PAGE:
30 April 2015
Meat & Livestock Australia

AUSTRALIA - Adult cattle slaughter in Australia is continuing at a rapid pace driven by the on-going drought conditions.

Meat and Livestock Australia said that included as part of the high slaughter for the year-to-date have been two of the three highest eastern states weekly kills on record – which were the weeks either side of the shortened Easter work weeks.

The market analysts said that given the relentless drought conditions for many producers further than a few hundred kilometres from the coast, it has been little surprise that for the first 17 weeks of 2015, eastern states adult cattle slaughter was 2.61 million head, up five per cent, or 125,000 head, year-on-year, based on weekly slaughter data collected by MLA’s NLRS.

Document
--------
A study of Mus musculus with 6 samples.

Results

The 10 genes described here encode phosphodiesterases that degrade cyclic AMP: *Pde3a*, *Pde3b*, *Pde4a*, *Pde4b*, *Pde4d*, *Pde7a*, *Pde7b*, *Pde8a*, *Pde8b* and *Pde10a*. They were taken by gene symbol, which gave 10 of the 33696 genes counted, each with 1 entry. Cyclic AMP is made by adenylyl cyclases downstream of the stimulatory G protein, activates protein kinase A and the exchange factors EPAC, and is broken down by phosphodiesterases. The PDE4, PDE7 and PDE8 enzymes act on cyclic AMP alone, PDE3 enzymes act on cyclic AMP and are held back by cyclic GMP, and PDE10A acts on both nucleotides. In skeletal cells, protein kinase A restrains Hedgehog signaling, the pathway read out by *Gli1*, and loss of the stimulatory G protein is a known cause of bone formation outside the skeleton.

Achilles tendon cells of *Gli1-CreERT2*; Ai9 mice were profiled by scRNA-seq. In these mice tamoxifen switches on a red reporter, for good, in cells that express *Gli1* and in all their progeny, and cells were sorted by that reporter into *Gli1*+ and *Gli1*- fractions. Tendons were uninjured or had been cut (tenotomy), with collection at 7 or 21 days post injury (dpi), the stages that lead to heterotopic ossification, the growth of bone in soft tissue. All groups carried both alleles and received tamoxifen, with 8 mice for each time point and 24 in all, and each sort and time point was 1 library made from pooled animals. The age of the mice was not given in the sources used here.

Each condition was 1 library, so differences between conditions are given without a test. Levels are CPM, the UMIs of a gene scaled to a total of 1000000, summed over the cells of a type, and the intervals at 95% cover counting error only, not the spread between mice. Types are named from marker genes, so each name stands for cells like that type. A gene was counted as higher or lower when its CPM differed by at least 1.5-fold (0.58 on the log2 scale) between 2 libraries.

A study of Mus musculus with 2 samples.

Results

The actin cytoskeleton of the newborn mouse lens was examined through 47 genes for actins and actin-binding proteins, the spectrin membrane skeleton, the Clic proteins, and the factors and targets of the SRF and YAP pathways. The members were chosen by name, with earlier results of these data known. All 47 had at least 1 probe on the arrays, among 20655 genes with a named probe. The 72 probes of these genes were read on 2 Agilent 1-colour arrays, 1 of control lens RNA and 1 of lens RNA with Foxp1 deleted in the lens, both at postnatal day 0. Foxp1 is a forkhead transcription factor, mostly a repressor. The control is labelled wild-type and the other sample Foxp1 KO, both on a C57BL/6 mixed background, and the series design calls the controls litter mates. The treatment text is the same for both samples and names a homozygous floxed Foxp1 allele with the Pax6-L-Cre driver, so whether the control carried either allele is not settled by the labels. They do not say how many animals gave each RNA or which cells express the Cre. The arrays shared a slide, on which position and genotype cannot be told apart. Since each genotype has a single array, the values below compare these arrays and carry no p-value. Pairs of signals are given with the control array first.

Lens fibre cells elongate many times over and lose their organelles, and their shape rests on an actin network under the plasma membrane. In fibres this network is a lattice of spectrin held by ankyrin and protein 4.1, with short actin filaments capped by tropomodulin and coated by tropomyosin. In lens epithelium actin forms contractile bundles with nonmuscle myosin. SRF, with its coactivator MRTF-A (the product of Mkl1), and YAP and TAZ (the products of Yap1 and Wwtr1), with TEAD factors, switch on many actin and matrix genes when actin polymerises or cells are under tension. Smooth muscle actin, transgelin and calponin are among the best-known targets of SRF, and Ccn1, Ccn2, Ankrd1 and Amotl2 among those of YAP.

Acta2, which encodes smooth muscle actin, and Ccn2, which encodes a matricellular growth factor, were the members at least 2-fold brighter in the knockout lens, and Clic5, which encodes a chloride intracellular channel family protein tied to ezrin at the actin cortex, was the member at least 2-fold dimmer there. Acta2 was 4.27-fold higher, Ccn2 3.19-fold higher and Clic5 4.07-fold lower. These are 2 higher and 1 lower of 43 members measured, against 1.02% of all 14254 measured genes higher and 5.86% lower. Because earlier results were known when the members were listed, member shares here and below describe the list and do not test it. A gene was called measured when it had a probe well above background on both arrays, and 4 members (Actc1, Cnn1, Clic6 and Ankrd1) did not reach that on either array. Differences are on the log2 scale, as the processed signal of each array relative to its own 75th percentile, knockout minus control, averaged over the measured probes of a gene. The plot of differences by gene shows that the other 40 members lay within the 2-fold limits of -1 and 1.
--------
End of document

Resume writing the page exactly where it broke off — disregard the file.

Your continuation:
The two states driving the higher slaughter were New South Wales, with 664,000 head slaughtered, a rise of nine per cent or 57,000 head, and Victoria with 518,000 head, and increase of 12 per cent, or 54,000 head year-on-year.
Queensland continued to account for the greatest portion of the nation’s slaughter, with the year-to-date figure up 6,000 head year-on-year, with 1.12 million head killed.

Also contributing the higher cattle turn-off has been nearly 1,000 more cattle slaughtered in Tasmania with a total of 77,218 head and 7,000 head more in South Australia with a total of 150,000 head.

MLA said that given the reasonably widespread rainfall over the past fortnight across New South Wales and Victoria, and the very positive Bureau of Meteorology three month rainfall outlook, the Victorian, South Australia and New South Wales contribution may start to decline over autumn.

In contrast, with the wet season window for effective rainfall over in Queensland, the state’s slaughter is likely to remain relatively high through the winter months.